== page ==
In Flannery O’Connor’s story, this family plans a trip but there is a dispute between the adults on a destination, Bailey and his wife choose Florida. To convince her family she informs them of a murderer in Florida on the loose named The Misfit. On their way to Florida, the grandmother sees a route and thinks there’s a plantation she recognizes and gives her son Bailey directions. The vacation has taken a sudden turn for the worst. The family is now trapped and waiting for help.
The family got into a car accident; the grandmother remained silent. After some time help arrives, which was none other than the misfit himself accompanied by two of his buddies. The members of the family excluding the grandmother were taken to the forest by the two friends of the Misfit and killed. She reaches out and touched him on the shoulder.
The grandmother, who had shown very little maternal feelings finally becomes a mother.
Not having previously demonstrated any expression of love, she gushes with love to a stranger that ordered his friends to shoot her family. She had been selfish during the road trip and now opens herself up to another person in an ecstasy of selflessness.
The protagonist of O’Connor’s story is the grandmother, she’s the focus of the narrative, the character whose reactions we hear from, as well as the only character who’s head we get inside. The opposing force which is often called the antagonist is The Misfit.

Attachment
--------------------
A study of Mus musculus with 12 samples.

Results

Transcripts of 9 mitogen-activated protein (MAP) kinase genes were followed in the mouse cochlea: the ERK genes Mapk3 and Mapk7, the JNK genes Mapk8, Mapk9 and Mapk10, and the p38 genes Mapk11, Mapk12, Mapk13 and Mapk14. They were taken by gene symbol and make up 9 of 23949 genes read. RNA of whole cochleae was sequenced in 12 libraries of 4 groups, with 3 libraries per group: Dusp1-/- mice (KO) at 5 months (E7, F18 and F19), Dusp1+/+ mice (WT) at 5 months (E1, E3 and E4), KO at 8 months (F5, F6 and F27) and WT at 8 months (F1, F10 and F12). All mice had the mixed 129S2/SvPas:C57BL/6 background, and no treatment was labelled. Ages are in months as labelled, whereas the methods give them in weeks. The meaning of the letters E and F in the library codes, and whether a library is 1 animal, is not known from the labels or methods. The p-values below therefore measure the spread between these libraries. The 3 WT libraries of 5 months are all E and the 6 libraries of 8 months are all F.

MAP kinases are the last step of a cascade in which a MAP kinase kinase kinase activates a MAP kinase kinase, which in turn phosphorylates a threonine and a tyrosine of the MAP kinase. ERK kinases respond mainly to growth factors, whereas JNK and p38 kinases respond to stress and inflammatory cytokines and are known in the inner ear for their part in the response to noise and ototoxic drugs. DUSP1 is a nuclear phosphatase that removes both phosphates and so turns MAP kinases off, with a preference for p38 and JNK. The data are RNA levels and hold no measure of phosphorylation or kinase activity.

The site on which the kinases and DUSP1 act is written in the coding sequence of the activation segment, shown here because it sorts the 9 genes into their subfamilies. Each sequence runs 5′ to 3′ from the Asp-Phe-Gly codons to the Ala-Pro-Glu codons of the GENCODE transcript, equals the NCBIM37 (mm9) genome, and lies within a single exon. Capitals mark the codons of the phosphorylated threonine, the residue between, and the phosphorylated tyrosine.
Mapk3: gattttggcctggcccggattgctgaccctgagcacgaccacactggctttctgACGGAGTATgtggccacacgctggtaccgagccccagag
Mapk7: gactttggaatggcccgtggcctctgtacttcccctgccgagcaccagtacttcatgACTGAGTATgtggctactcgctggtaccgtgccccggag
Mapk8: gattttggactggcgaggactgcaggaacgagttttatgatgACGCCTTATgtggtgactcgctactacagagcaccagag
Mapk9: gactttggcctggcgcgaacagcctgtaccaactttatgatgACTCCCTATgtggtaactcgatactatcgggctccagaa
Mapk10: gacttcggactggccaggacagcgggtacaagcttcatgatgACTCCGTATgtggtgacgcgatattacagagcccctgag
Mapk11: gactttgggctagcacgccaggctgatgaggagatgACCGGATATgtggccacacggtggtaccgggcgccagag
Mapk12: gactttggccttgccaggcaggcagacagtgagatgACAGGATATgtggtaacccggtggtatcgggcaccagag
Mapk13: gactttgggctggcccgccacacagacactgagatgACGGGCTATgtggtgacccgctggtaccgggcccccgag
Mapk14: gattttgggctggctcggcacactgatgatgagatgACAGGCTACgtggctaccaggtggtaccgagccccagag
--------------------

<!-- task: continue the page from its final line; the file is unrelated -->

The conflict begins when the grandmother recalls the plantation nearby. The Misfit arrives and the grandmother endangers her family by revealing the identity of the Misfit. Each member excluding the grandmother is murdered. The conflict drives the characters and the plot forward because it is the characters going through obstacles that create suspense and tension. Conflict assists the reader to analyze the message of a story or the main idea which is not what happens rather it is the meaning of what happens.
O’Connor writes from a third-person limited omniscient point of view through the grandmother’s eyes. Flannery O’Connor chose this type of perspective to describe the actions of every character, but only focus on the grandmother’s thoughts and feelings. By using third-person limited point of view, the author is able to allow the characters to keep their internal thoughts to themselves. In doing so, he allows the reader to create them on their own. This technique is often called third-person subjective.
The family’s vehicle ends up in a ditch because the grandmother mistakenly believed led to a plantation, the Misfit does not have any choice but to execute this family, so he does. The Misfit eventually shot her three times in the chest. Lastly, the story finishes with The Misfit telling his buddies who returned from shooting the rest of the family.